LIGHTING: Tailored emissivity paves way for 400 lm/W incandescent lamps
Just when you thought incandescent light bulbs were dead, researchers at Stanley Electric Corp. (Tsukuba, Japan), Osaka University (Osaka, Japan), Shizuoka University (Shizuoka, Japan), and the National Institute of Advanced Industrial Science and Technology (Tsukuba, Japan) have modified the blackbody radiation of an incandescent bulb, demonstrating the possibility of 95% electric power to visible-light conversion and paving the way for luminous efficiencies beyond 400 lm/W.
Just when you thought incandescent light bulbs were dead, researchers at Stanley Electric Corp. (Tsukuba, Japan), Osaka University (Osaka, Japan), Shizuoka University (Shizuoka, Japan), and the National Institute of Advanced Industrial Science and Technology (Tsukuba, Japan) have modified the blackbody radiation of an incandescent bulb, demonstrating the possibility of 95% electric power to visible-light conversion and paving the way for luminous efficiencies beyond 400 lm/W.1, 2
The inherent inefficiency of traditional incandescent lamps (only 2–5% of total input electrical power is converted to visible light, translating to low luminous efficiencies of 15–20 lm/W) has brought about their demise in favor of fluorescent lamps and LEDs. Unlike these modern sources, incandescent lamps require no external regulating equipment, are inexpensive to produce, and work on either alternating or direct current over a wide range of applied voltage values. Despite the failure of previous research to modify the blackbody radiation spectrum of an incandescent bulb (using expensive lithography and deposition techniques), the research team focused on selective-emitter design using tailored and less expensive thin-film coatings to improve efficiency.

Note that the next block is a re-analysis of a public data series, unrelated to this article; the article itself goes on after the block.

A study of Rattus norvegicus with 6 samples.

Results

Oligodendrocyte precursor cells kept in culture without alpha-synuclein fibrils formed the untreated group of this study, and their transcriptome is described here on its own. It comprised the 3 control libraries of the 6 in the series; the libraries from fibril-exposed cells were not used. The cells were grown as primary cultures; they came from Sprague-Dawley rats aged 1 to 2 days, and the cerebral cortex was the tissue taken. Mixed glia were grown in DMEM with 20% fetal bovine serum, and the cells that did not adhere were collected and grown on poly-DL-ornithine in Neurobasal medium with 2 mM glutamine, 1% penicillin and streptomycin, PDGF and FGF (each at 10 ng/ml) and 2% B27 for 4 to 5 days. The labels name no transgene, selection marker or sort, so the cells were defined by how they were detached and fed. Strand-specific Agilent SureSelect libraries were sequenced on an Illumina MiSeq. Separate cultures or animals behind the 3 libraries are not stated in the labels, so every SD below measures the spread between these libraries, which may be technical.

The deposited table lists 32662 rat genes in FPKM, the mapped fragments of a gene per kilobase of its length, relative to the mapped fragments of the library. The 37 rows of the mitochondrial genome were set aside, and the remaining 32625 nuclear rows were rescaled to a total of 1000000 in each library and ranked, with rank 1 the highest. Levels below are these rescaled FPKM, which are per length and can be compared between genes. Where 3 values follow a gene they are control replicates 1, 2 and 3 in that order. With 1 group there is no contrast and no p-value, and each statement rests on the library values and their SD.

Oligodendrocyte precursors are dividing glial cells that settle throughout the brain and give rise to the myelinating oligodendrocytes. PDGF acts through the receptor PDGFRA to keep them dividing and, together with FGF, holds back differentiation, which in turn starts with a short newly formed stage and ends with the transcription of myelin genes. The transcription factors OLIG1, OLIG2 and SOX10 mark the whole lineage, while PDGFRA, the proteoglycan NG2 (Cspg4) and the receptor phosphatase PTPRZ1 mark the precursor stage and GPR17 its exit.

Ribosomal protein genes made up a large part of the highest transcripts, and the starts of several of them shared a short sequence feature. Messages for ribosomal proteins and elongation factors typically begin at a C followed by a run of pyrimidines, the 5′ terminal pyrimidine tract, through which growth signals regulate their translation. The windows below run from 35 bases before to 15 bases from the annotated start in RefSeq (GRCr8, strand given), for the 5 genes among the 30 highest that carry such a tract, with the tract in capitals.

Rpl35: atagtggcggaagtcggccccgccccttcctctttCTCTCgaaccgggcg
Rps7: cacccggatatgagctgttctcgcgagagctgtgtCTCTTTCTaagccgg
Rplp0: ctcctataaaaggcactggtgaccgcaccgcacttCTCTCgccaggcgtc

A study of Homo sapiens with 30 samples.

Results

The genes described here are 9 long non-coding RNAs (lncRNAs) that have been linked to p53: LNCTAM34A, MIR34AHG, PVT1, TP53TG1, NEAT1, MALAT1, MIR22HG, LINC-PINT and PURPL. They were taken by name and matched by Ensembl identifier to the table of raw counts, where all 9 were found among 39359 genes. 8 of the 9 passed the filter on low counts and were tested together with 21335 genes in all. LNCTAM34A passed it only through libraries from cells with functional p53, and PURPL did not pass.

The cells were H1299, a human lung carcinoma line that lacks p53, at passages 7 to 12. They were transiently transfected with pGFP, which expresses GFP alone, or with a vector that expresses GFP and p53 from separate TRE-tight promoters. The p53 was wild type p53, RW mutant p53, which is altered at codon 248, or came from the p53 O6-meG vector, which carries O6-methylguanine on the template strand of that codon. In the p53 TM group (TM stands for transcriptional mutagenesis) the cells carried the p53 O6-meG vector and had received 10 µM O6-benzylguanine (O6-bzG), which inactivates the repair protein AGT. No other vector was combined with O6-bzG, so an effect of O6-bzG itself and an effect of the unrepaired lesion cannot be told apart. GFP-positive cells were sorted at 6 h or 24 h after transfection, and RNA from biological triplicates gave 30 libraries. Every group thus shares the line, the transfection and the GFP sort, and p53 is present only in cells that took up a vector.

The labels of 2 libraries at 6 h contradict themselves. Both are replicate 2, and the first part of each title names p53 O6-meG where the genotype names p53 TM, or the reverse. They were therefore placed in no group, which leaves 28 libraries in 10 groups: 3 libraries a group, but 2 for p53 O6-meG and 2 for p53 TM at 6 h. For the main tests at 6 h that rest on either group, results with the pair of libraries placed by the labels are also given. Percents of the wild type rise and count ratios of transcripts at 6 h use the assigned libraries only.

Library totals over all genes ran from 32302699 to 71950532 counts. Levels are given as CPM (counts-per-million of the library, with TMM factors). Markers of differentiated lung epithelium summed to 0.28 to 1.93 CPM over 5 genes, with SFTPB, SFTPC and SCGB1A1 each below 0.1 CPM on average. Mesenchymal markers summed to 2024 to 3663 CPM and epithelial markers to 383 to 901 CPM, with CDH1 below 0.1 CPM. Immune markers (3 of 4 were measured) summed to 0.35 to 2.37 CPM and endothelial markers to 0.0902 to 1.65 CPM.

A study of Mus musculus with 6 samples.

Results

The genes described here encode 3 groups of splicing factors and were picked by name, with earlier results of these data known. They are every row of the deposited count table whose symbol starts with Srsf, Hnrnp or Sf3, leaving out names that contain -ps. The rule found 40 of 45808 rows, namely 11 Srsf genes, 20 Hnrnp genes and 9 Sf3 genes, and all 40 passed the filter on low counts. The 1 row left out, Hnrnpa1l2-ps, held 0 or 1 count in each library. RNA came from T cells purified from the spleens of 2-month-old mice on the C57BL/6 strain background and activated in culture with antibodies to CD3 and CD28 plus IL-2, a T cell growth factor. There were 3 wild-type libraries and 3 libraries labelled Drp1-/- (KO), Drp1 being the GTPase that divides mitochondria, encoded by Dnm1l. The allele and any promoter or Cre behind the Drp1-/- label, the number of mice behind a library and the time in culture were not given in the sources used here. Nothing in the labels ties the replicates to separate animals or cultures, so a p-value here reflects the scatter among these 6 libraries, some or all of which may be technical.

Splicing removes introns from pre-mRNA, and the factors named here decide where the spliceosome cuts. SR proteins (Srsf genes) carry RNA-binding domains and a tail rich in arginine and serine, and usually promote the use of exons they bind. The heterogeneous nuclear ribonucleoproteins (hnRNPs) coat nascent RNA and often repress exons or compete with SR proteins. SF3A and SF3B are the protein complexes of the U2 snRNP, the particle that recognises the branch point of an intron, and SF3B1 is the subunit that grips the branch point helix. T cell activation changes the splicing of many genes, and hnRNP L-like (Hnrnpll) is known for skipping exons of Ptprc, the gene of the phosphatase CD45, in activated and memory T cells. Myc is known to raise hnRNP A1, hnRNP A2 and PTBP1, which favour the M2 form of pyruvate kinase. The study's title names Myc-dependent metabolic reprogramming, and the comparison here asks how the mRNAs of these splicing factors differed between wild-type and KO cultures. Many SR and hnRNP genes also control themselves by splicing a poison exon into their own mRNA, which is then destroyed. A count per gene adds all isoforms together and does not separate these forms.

High visible and low IR emissivity
Because visible radiation is typically 10% of the output from an incandescent bulb, with the remaining 90% being infrared (IR) radiation, an emitter should be designed with high visible emissivity and low IR emissivity. Using Kirchhoff's law, modeling shows that a material with high reflectance in the IR wavelength region and low reflectance in the visible region displays a reverse trend in emissivity. By imposing a step-function-like reflectivity onto the surface of the heating material, IR radiation is reduced.
The researchers fabricated such a thin-film structure (emitter) by co-sputtering 50 nm thick chromium metal and 50 nm thick chromium oxide onto a copper substrate. After deposition, a 50 nm thick tin oxide layer was deposited onto the chromium oxide layer to act as an antireflection coating. Spectrophotometer measurements from 300 to 1500 nm and Fourier-transform IR spectrometer measurements from 1500 nm to 20 μm showed that the film reduced IR radiation at wavelengths shorter than 5.5 μm (see figure).
A thin-film reflectance coating is the basis of an emissivity-modulated layer (inset shows a cross-sectional transmission-electron-microscope image) that shifts radiation toward the visible as shown in the plot of reflectance versus wavelength. (Courtesy of Shizuoka University)
The shift to visible emission (shorter wavelengths) occurs at temperatures between 580 and 870 K. Further mathematical modeling of the thin-film structure as a function of temperature shows that an emitter constructed with a reflectance cutoff wavelength in the visible region would have no IR component in its radiation spectrum and the conversion efficiency would exceed 90% at 2800 K. Because this efficiency is high, the bulb could be operated at lower voltages (with lower filament heating temperature), extending the lifetime of the emitter and the overall source.
Professor Makoto Tomita in the Department of Physics at Shizuoka University says, "We can make efficient monochromatic light sources such as blue, green, and red lamps by designing the reflectivity of a selective emitter. Almost 200 years have passed since the creation of the first incandescent light; however, there is ample scope for new discoveries and new applications in incandescence."–Gail Overton
1. T. Matsumoto and M. Tomito, Opt. Exp. 18, 102, A192–A200 (Jun. 21, 2010).
2. T. Matsumoto et al., The Science and Technol. of Light Sources 12th Intl. Symp., paper CP091, Eindhoven, the Netherlands (Jul. 13, 2010).